SILVER LININGS: Students, from left, Tasha Rimoshytus, Ethan Gilchrest and Megan Vento at Silver Creek in Bristol. As part of the Silver Creek field-studies program, they will test the water in the creek for salinity and dissolved oxygen.
PBN PHOTO/BRIAN MCDONALD
By Rebecca Keister
Rob Hancock, president of the board of directors of Save Bristol Harbor, a grassroots nonprofit dedicated to repairing the coastal waters of Bristol, doesn’t see a time when the organization won’t be needed.
But that’s not necessarily a bad thing.
“It’s not to say we are always going to have problems,” Hancock said. “Our environment and ecology around us are constantly evolving and changing over time and that’s OK. That’s what it does. There will always be an important need to adapt to that change and there’s always going to be a need to connect people to their environment. We’re planning on being around and continuing to do those things.”
The nonprofit was created almost 16 years ago, largely, Hancock said, to bring organized opposition to Cumberland Farms’ plan to develop a gas station and convenience store next to Silver Creek, a salt marsh estuary that flows into Bristol Harbor.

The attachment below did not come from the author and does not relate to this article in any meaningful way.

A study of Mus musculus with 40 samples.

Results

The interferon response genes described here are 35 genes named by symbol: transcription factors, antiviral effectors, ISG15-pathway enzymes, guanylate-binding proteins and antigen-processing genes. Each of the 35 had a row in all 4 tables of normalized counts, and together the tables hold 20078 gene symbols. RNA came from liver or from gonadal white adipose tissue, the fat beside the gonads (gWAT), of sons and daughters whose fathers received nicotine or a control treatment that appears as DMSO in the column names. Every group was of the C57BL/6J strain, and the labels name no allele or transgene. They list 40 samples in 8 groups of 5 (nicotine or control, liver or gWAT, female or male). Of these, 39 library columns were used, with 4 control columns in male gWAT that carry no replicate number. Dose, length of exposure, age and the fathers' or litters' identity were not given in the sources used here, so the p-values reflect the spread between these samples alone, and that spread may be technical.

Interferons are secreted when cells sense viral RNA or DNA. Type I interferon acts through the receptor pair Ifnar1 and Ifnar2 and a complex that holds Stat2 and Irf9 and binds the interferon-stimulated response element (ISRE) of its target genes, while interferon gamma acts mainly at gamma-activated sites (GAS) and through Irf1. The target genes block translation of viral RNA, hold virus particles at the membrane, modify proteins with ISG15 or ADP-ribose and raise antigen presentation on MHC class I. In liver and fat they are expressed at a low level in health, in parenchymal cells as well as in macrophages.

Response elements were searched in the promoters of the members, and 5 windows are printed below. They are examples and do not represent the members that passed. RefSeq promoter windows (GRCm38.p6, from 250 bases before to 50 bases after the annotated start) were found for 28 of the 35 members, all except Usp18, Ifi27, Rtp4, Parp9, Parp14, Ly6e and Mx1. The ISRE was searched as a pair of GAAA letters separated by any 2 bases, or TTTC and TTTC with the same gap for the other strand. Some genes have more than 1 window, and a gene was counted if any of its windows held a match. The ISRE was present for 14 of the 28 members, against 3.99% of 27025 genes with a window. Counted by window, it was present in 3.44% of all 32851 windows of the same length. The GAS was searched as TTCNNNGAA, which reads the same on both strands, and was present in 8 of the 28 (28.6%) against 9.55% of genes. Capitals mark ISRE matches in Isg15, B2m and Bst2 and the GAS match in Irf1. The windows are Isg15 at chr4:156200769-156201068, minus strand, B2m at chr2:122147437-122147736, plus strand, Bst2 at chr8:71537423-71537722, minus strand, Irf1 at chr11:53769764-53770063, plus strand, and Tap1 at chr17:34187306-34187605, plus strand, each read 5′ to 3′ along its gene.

A public-awareness campaign by the next year resulted in Bristol buying out Cumberland Farms’ existing lease on the land and Silver Creek once again became a public space.
Several years later, citizens once again rallied to convince a marina not to expand but to build harbor improvements that would, according to Save Bristol Harbor’s website, benefit public access to the harbor and recreational boaters. A few years after that, the need for a more permanent, organized group dedicated to counteracting developments that could harm Silver Creek and Bristol Harbor led to Save Bristol Harbor being founded in 2005.
“Instead of going in the wrong direction, Silver Creek is now on the road to restoration,” said Hancock, who has been on the board of directors for five years.